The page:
Design matters

Updated: Wed, Sep 02 2009. 09 20 PM IST
How can I prevent grime from collecting in tile joints? It defeats the purpose of using white- or light-coloured tile grouting. I am also keen on using onyx somewhere in the house.
— Rashmi Singh
With the oil-based cooking that attracts dust, it’s hard to avoid the grime that settles between tile joints. However, instead of using small tiles, you could easily opt for large format tiles (at a tiny incremental cost) or even toughened float glass on the wall. This will help reduce the number of joints. If you go for glass, you could either use texture paint on the wall behind the glass or stick things such as small seashells, dried leaves, old coins, among others, to make an exciting mural. The glass will encase the mural, giving you a clean, joint-free surface that is both exciting and easy to maintain.
I have also tried wood-finished PVC tiles stuck on 12mm-thick waterproof ply, powder-coated, sandwich, aluminium panels and brush-finished stainless steel panels with reasonable success. With a little more money, you could also replace wall tiles with Italian marble for stunning results. Natural wood and terracotta tiles require a lot more maintenance and don’t fare well in the long run.
In the case of flooring, a coat of hard surface sealant (or Araldite with matching stone colour pigment if required) could be applied on the stone surface before polishing it to protect the joints and save them from mop-induced dust marks. Onyx is a translucent stone with amazing colours and textures that look best when lit from behind. You could try and use it on the bar counter or a (fake) fireplace. To enhance its effect, you could use a part of the stone to make matching wall lights and side tables, among other things.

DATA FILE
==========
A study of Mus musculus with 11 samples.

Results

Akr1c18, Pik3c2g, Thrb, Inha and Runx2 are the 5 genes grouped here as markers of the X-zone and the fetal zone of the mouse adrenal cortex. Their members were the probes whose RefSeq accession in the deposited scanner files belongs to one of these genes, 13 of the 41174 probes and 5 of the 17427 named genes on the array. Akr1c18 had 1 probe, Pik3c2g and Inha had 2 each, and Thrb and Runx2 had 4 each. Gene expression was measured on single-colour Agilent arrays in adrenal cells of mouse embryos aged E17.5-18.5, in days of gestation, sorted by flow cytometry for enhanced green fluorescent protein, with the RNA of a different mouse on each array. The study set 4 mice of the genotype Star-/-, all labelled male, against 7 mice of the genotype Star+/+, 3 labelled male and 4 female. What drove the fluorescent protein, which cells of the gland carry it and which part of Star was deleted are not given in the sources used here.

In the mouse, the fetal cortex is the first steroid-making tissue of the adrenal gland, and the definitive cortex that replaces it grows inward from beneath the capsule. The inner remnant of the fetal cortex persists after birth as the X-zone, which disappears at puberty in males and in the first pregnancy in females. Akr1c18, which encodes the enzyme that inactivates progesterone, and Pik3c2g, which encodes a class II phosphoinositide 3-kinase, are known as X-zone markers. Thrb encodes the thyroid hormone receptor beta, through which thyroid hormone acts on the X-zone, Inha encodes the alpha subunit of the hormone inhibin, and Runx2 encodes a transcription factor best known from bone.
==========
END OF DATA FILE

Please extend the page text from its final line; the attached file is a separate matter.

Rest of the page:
I bought a chrome-finish, single-lever basin mixer, but later realized that the height of the tap is low and just about reaches the lip of my over-the-counter basin. What should I do?
— Mohit Aggarwal
A large variety of tall-body taps are available in various brands. You could consider doing some kaizen (Japanese for “innovative tweaking”) of your own. Ask your plumber to introduce you to a brass or stainless steel fabricator. They could easily fabricate a small extension that could “house” itself at the bottom of your tap and give it the desired elevation. If you are unable to match the shape or diameter of the existing tap, then it is better to alter the design of the base so that it looks “designed for”, instead of an apologetic imitation. Matching chrome plating can be done on both (non-corrosive) brass and stainless steel pipes easily.
What are water-curtained glass sheet and air-brushed silhouettes of plants. Are these natural? Do they need temperature-controlled environments/soil/water? Is waterproofing required (when used in interiors)?
— Savitha Birajdar
“Water-curtained glass sheet and air-brushed silhouettes of plants (bamboo plants)” refer to a design element where a sheet of transparent float glass is placed vertically in front of any floral decoration (plants, flowers, among others). Water is then sprayed on to this glass surface to create the effect. Good lighting, a motorized closed-loop water system and sound waterproofing further support the design. Typically, a sheet of glass 0.5-inch-thick is required. Toughening of glass is preferred. An obscure (not visible from the front) entrance door/hatch would help in the maintenance of plants (or any other focus element, lights, among others), while curved glass could add a little drama. Start the glass from the floor or as close to the floor as possible to make the screen seem like a waterfall that you could touch. A 0.75-inch-wide by 1-inch-deep aluminium channel is embedded into the floor, soffit of the top lintel beam and the two sides to house the glass within. All the adjoining surfaces, that is, stone, plaster, pop, among others, can be finished before the glass is inserted into the channels. Many a time, one of the sides (top or bottom) is kept unfinished (usually from the non-visible side) till the glass is in position.
The bamboo can be real or artificial. You could also pick up other indoor plants such as palms and crotons. Placing lights at the base of the plants tends to project a strong shadow and adds to the drama.